COVID-19: $2.75 bn reserves in hand, FIFA plans to assist football world

FIFA,Sports Business News,Football impact,FIFA member,Coronavirus

The World Governing body FIFA, which has reserves worth $ 2.745 billion at its disposal, is reportedly working on plans to assist football industry to overcome the COVID-19 impact.

FIFA is in a strong financial situation and it’s our duty to do the utmost to help them in their hour of need,” world football’s governing body said in a statement to The Associated Press on Tuesday.


FIFA is exploring the mechanism to provide the financial lifeline to the football industry with the six regional confederations and member associations. A formal announcement may be made soon, suggest reports.

“The football community around the world is experiencing, to a greater or lesser extent, serious financial problems on account of the coronavirus outbreak,” FIFA said. “This threatens to disrupt and impair the ability of FIFA’s member associations and other football organizations such as leagues and clubs to develop, finance and run football activities at all levels of the game, including professional, non-professional, youth and grassroots.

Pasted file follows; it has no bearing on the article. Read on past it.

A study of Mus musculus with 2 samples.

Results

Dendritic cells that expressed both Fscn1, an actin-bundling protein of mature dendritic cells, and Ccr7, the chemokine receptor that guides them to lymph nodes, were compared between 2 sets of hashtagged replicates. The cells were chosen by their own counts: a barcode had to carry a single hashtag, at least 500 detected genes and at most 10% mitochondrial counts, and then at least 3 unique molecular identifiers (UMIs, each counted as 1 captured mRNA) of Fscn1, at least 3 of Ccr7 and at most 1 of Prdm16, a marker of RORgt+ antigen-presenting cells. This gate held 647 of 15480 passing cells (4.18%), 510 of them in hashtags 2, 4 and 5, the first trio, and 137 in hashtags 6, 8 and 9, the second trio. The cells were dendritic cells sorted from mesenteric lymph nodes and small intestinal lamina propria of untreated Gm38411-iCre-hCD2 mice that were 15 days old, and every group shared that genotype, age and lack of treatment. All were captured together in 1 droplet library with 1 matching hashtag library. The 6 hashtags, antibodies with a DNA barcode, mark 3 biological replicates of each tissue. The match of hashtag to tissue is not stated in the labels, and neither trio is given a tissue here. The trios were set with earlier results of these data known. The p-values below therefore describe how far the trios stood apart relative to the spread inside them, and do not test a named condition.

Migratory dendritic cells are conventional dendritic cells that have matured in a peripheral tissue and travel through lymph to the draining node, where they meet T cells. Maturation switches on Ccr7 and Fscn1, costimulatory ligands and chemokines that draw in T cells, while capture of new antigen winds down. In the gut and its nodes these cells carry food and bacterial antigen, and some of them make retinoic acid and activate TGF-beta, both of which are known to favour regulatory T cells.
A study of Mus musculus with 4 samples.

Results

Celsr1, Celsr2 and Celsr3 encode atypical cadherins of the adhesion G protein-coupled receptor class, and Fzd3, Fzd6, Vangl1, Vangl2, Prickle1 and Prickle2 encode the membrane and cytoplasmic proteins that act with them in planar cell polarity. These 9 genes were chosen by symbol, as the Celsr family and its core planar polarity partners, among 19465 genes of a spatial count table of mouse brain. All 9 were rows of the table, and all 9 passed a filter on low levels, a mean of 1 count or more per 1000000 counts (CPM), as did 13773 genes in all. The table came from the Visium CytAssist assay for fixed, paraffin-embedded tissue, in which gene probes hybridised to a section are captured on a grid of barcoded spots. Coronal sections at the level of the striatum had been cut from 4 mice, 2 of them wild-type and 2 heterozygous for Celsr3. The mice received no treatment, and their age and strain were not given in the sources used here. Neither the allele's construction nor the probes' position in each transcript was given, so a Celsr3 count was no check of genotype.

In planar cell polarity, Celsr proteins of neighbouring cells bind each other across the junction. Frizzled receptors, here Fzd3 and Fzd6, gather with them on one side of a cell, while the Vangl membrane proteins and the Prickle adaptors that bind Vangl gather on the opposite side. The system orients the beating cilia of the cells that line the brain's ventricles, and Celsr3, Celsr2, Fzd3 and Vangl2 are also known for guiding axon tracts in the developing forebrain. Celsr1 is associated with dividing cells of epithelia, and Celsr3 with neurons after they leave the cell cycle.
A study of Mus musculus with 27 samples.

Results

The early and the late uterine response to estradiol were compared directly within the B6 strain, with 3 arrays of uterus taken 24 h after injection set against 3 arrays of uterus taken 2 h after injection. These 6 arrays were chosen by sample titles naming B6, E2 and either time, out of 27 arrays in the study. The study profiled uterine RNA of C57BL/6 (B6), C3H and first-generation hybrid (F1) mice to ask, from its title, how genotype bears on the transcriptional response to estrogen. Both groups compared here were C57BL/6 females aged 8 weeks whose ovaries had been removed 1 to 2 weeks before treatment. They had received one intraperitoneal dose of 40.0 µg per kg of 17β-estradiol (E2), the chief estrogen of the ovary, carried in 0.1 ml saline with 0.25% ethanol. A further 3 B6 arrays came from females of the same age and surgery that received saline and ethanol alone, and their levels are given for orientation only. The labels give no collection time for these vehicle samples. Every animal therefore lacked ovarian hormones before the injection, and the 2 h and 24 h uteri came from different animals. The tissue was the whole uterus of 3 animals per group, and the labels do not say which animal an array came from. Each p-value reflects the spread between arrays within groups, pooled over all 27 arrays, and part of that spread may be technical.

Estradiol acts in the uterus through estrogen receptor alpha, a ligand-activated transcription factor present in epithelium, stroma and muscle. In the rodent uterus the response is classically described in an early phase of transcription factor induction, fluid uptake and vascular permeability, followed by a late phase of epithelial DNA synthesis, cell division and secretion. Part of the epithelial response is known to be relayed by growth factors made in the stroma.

“It is foreseen that in many parts of the world a considerable number of persons involved in football including both men and women players will be left in extremely difficult economic conditions.” FIFA already operates a “Forward” development program to redistribute its wealth to member associations. In the 2015-18 cycle, investment dedicated to the scheme was $1.079 billion, of which $832 million had been approved and committed to member associations, confederations or regions, according to the last published financial results.

Having amassed reserves it last reported at $2.745 billion, FIFA has the resources to give much-needed financial help to the game at many levels. Now the organization has provided more details around the need agreed two weeks ago by FIFA President Gianni Infantino and his vice presidents to explore a “support fund” for the sport.

The spread of COVID-19 has impacted the wealthiest clubs, with Barcelona and Juventus players taking wage cuts; those in smaller countries, with Slovakian champion Zilina entering bankruptcy; and national football federations, with Uruguay furloughing hundreds of staff.